When should babies drop to one nap?

When do babies drop to one nap?

When it comes to babies and newborns, there is never a one-size-fits-all answer. However, most children usually drop from two daytime sleeps a day to one between the ages of  12 and 24 months.

The most important thing to remember is not to force the change, but you can read a few key signs in your baby's behaviour and you should be able to gauge when to start transitioning to one nap.

Of course, this change won't happen overnight -  when you’re transitioning to one nap you’re creating a whole new routine for you and bub, so it will take a bit of time and patience as you both learn to adjust to a new schedule.

Why do babies drop a nap as they get older?

As any new parent knows, getting your baby to fall asleep soundly is no easy task, so the idea of cutting one of those blissful periods out of your day may not sound too appealing, but it is more important than you think.

In the early stages of life babies fall into REM sleep (dreaming state) during their morning nap which is crucial for brain development. Brain development occurs early in life so the younger the bub the more crucial the morning nap, as they grow and get older the need for a morning nap lessens.

However, every single child is dfferent and will develop at their own pace, so don't worry if your baby doesn't do what seems expected. There are no fixed rules. 

But as your child gets older, one nap in the middle of the day of around two to three hours will give your child a much-needed break, and they will feel energised for their afternoon and evening (yes, that might mean less tantrums!).


How do I know when my baby is ready to drop to one nap?

When to drop to one nap is never easy to decide. With some children, it becomes very evident that they just don't want to sleep twice a day, or maybe they have a very short sleep early in the day and refuse to nap again.

But with others the signs are more subtle and the switch down to one nap a day is harder to make. It's probably easier to look for signs that your baby is ready to transition from two naps to one nap than it is to consider what age babies drop to one nap!

Key signs your baby is ready to drop to one nap a day

  • Your baby is older than 12 months old.
  • Your baby doesn’t fall asleep during morning car rides anymore.
  • Your baby takes longer than 30 minutes to fall asleep if you put them down in the morning. Or has a very short nap in the morning or evening.
  • If you give your baby a dummy to soothe them before they fall asleep, they tend to pull it out and play with it rather than suck it. 
  • If your baby naps during the day, they take longer than 30 minutes to fall asleep at night or don't seem tired in the evening. 
  • Your baby naps well in the afternoon.
  • Your child is waking very early in the morning.
  • Key signs your baby still needs two naps a day
  • Your baby is under 12 months of age
  • Your baby still falls asleep during morning car rides or when they're out in the stroller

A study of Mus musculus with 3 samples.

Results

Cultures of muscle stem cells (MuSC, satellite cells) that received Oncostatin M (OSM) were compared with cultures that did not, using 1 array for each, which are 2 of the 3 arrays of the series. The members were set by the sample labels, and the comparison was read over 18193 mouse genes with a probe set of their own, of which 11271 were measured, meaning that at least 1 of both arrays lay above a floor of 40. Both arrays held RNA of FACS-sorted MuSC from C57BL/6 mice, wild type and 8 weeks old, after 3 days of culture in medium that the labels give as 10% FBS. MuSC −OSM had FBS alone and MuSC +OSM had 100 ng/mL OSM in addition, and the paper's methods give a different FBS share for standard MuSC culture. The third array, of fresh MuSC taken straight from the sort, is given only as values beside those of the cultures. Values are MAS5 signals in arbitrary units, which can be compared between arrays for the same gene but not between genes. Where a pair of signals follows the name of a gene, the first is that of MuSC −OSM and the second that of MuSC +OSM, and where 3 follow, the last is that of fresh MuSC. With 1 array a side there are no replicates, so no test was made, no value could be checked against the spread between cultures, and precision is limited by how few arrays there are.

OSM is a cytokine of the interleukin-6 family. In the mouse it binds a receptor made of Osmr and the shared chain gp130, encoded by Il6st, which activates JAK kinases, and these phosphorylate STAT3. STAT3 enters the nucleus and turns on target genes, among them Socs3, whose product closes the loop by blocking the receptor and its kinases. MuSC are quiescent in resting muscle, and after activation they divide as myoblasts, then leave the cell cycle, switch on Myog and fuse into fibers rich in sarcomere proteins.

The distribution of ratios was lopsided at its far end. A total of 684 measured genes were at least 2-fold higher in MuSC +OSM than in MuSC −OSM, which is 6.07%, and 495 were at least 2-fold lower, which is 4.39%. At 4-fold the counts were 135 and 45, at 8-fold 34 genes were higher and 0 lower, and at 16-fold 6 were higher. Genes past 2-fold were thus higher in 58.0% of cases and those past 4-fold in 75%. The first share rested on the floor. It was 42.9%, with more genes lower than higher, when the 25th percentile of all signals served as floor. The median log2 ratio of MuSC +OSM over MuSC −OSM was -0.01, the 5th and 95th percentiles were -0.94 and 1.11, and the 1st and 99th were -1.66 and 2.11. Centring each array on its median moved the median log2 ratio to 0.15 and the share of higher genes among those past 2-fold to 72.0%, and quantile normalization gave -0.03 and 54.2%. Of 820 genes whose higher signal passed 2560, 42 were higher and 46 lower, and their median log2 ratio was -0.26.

• Your baby is grumpy if they don’t get a morning nap
  • Your baby sleeps well at night despite having two naps during the day

How to transition to one nap?

It can help to think of this period as changing your child's daily schedule or routine, rather than dropping a nap.

And remember, on some days over the next few months, your child might still need two naps and on other days he'll be totally happy with just one.

Going to just one nap a day might take months so patience is the key (not easy when you have a tired toddler around...).

There are a number of different options.

Choose a new nap time.

1. Pick a time for your child's nap that’s later than the usual morning nap, but not as late as the afternoon nap, and try to stick to that if you can. For the first few days, make sure your child is busy and active during the morning but doesn't doze off in the car. 

2. If your child does nap like this, move their bedtime forward by 30-60 minutes, so they don't get too 'strung out' or over-tired before bed. 

3. This might take a few weeks to get right and you'll need plenty of patience!

Let your child sleep when he wants to sleep. 

1.  Watch for your child’s sleepy signs, like rubbing eyes, yawning, pulling on their ears and and put them down for a nap when they seem tired. 

2. This might mean they still have two naps a day, but might not sleep long during either. In that case, they can keep the two naps, but don’t expect that your child sleeps at both times – allow quiet resting instead.

3. After a while, move the morning nap a little later but use the second nap time as 'quiet time' instead. Maybe you can read a book together or your child can have some books in his bed to look at alone. 

4. Once your child gets used to this quiet time, ensure that you move the morning nap later but still give them some 'down-time' in the afternoon. 

If your baby is struggling with sleep altogether, try these seven baby sleeping tips.

What is a typical schedule if your baby has one nap a day?

Ideally your baby should sleep for around two to three hours a day, and you're aiming for a bedtime window of around 6.30pm - 8pm. 

Help your child stay awake until half-way through the day.

You can do this by playing games outside, or in the backyard. Go swimming, walk to the park, do something that keeps them alert and awake if possible. Try not to go on long car rides or walks in the stroller as this makes it easier to fall asleep or power nap.

Initially, your baby may only make it until 10:45am-ish each day, but try to stretch the nap time out by 15-30 minutes until your little one can ideally stay awake until after lunch at 11:30am-12:00pm. 

Ideally your child will then sleep for around two hours and their bedtime needs to be about 4-5 hours from wake-up. You may need to push bedtime earlier depending on the timing of the nap.